Columbia By the Numbers: Not Your Typical Lions

Published by Wade G. Player on November 11, 2015 at 4:48AM
Hindering Hosch

Columbia limited the Crimson to just 24 points on Saturday, despite the fact that the Harvard offense has averaged nearly 40 points per game this season.


The game this year, played at Robert K. Kraft Field in New York (ironic that the Lions’ home field is named after Boston’s premier sports magnate) was a little different, though. In the season that Columbia won its first game since 2012, the Lions are currently allowing a mere 20.9 points per game to opponents. Statistically, the game this year was a complete turn-around for Columbia.

POINTS 2015: Harvard 24; Columbia 16

POINTS 2012-14: Harvard, 49.3; Columbia 0

Since 2012, the Crimson defense did not let up a single point to the Lions until this year. However, the Lions’ boast the third-ranked defense in the Ivy League. They shut down the Crimson who currently average a league-leading 37.6 points per game. Columbia’s 16 points nearly doubles Harvard’s average of 9.5 points allowed per game.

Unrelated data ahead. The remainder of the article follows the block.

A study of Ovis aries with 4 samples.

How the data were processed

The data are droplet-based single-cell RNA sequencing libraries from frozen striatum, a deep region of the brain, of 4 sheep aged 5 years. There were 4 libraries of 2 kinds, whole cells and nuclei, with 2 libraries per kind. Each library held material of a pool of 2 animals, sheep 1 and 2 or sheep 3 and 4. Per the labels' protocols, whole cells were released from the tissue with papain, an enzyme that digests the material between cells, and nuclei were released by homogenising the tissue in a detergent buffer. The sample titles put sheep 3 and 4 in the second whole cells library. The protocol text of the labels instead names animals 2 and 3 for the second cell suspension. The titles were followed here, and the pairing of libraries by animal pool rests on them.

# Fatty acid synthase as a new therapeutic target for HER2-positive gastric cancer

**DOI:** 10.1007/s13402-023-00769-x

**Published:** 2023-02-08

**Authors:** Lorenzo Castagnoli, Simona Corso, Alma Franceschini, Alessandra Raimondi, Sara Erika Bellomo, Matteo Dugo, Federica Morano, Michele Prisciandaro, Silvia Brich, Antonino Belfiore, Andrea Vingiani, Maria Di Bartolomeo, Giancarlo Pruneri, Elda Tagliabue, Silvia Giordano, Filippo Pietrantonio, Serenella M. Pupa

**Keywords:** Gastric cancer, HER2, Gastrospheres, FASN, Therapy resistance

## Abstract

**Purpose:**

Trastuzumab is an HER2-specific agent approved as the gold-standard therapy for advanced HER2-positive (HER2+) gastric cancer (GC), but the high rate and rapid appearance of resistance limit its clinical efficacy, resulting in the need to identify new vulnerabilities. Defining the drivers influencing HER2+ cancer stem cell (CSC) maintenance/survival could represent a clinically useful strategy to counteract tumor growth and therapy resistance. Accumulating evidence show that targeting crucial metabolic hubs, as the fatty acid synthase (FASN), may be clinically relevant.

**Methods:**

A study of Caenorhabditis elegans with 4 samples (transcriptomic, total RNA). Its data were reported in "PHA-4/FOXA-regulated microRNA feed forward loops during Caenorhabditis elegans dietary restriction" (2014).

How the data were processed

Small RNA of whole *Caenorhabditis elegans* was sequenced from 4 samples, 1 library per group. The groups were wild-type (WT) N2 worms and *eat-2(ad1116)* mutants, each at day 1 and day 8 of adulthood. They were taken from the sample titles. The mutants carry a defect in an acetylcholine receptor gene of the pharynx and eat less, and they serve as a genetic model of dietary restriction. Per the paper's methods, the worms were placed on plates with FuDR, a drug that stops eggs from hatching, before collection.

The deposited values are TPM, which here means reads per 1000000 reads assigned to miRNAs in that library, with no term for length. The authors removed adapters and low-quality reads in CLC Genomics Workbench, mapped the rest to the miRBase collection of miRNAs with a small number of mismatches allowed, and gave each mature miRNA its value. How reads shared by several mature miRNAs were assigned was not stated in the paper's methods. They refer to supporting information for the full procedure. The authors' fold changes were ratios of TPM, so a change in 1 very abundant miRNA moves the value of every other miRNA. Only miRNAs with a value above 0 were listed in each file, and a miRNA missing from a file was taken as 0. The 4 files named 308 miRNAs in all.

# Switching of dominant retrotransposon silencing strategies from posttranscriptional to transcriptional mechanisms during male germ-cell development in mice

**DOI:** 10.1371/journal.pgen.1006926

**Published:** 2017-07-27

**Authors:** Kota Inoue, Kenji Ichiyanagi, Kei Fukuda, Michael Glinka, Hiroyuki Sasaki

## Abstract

TOTAL OFFENSE 2015: Harvard, 379 yards; Columbia, 404 yards

TOTAL OFFENSE 2012-14: Harvard, 487.7; Columbia, 206.3

Harvard, having more than doubled Columbia’s total yardage over the previous three contests, was outperformed by the Lion’s offense. The Harvard offense, which averages 475.6 yards per game, put up almost 100 yards less than normal.

POINTS OFF TURNOVERS 2015: Harvard, 3; Columbia, 3

POINTS OFF TURNOVERS 2012-14: Harvard, 24.3; Columbia, 0

Over the past three seasons, the Harvard offense was opportunistic when it came to turnovers by the Columbia offense. Half of the team's’ points came when the Lion’s gave the ball away. The closeness of this game can be directly linked to the lack of turnovers by each offense as well as the few points scored when either did turn the ball over.